Lisa Skinner thought it was time she stopped leaving discipleship to the church and engaged in some at home
Doing faith at home can be difficult, sometimes we rely heavily on the children’s ministries in our churches to disciple our children for us but truth be told that responsibility primarily lies with us as parents to ‘train up a child in the way they should go’ (Proverbs 22:6). Of course, we can work in partnership with the volunteers and youth and children’s pastors in our congregations but discipleship starts at home. The good news is that, Christmas, specifically Advent, presents us with an opportune time to share the gospel message with our children. After all, most of us go to great lengths to prepare for Christmas, not least when it comes to doing Elf on the Shelf pranks, so why wouldn’t we put the same effort into explaining the true meaning of the season to our families. I write this, not as a parent who has mastered sharing Jesus with my children, I still fall short in this area but I definitely find it easier to share Jesus with them in this season than I do in others.
Ten years ago an older lady who has been instrumental in my own faith journey, told me that she and a number of women from her Ladies Fellowship in her church has purchased copies of ‘The Advent Jesse Tree’ book and had spent many hours handcrafting decorations to go alongside the 25 devotions in the book. They lovingly put together packs, including the book and the decorations to gift to families in their home congregation. My dear friend said that she had put a set aside for my family. This act of kindness has blessed my family greatly over the years, Every December 1st sees us setting up our small tree in my girls’ bedroom, and over the course of the next 25 days we explore God’s salvation plan together, from the Garden of Eden to the baby in a manger.
I must confess that before my friend introduced us to ‘The Advent Jesse Tree’, I had never heard about it or even thought about leading my children through advent devotions to prepare for the coming of the Christ Child at Christmas. Since then, I’ve been evangelical about encouraging friends to buy the book for their own families or to find a similar devotion that will work for them. So I was overjoyed to receive a photo from a friend last week showing 25 little decorations that she had made for their Jesse Tree, a new addition to their home.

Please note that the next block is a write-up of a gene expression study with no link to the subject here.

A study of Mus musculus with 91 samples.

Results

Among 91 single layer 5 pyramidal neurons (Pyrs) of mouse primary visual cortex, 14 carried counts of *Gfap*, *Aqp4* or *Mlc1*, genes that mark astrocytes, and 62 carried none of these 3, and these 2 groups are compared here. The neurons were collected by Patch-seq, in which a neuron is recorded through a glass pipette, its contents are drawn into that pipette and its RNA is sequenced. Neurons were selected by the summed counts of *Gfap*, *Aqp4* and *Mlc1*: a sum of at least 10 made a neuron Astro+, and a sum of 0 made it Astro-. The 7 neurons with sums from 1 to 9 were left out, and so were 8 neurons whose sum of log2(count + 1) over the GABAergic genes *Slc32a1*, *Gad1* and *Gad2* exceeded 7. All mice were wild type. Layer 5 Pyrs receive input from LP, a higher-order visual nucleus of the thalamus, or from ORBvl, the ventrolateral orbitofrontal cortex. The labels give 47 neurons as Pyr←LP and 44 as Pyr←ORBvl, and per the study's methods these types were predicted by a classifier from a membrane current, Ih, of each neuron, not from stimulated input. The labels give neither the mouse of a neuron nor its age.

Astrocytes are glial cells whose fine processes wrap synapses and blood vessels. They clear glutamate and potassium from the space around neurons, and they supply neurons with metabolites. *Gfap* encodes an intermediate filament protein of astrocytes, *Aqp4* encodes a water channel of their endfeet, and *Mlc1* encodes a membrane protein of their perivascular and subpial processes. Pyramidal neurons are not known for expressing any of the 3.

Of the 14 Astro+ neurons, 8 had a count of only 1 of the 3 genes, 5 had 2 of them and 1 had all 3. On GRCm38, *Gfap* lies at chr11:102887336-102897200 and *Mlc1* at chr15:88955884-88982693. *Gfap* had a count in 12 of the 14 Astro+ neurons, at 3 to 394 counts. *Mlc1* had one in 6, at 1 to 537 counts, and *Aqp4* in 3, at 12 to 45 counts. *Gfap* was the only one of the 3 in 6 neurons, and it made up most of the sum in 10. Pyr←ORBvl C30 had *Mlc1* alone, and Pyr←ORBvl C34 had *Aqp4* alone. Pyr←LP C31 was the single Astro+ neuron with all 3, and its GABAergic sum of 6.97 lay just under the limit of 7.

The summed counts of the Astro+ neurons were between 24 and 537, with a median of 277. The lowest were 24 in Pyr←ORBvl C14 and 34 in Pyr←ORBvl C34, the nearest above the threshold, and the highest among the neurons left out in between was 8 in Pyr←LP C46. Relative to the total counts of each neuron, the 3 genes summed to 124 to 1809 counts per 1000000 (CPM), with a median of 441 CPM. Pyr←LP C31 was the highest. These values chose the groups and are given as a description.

The devotions chart the story of God’s redemptive plan for the world, accompanied by 25 symbols from both the Old and New Testaments. Each symbol is then explained through Scripture, devotions, questions, prayers, a memory verse and a song (if you’re so inclined, we normally skip this part). In the book the Scripture is taken from the King James version of the Bible so I normally read the verses in language familiar to my children or sometimes I read from a different version.
Another benefit of this book is that adult devotions are included for your own quiet times throughout December. It’s not just your children who will be blessed in reading about Abram’s call, Jacob’s ladder, Ruth and Boaz, Josiah and the law and the Old Testament prophecies to name but a few. To be reminded of God’s rescue plan that is woven through every page of the Bible is a beautiful thing, made all the more beautiful by witnessing the wonder in the eyes of your children as they start to put the pieces of the Bible together.
Truth be told my four children can sometimes be reluctant learners but this is a time that they genuinely cherish. Each night they prioritise reading the devotion, daily reminding me of whose turn it is to hang the decoration on our special Christmas tree, not before everyone has answered a question of course. And what better way to celebrate one of the most meaningful times of the year than to teach your family about the roots of our Lord and together to prepare our hearts for the birthday of Jesus Christ.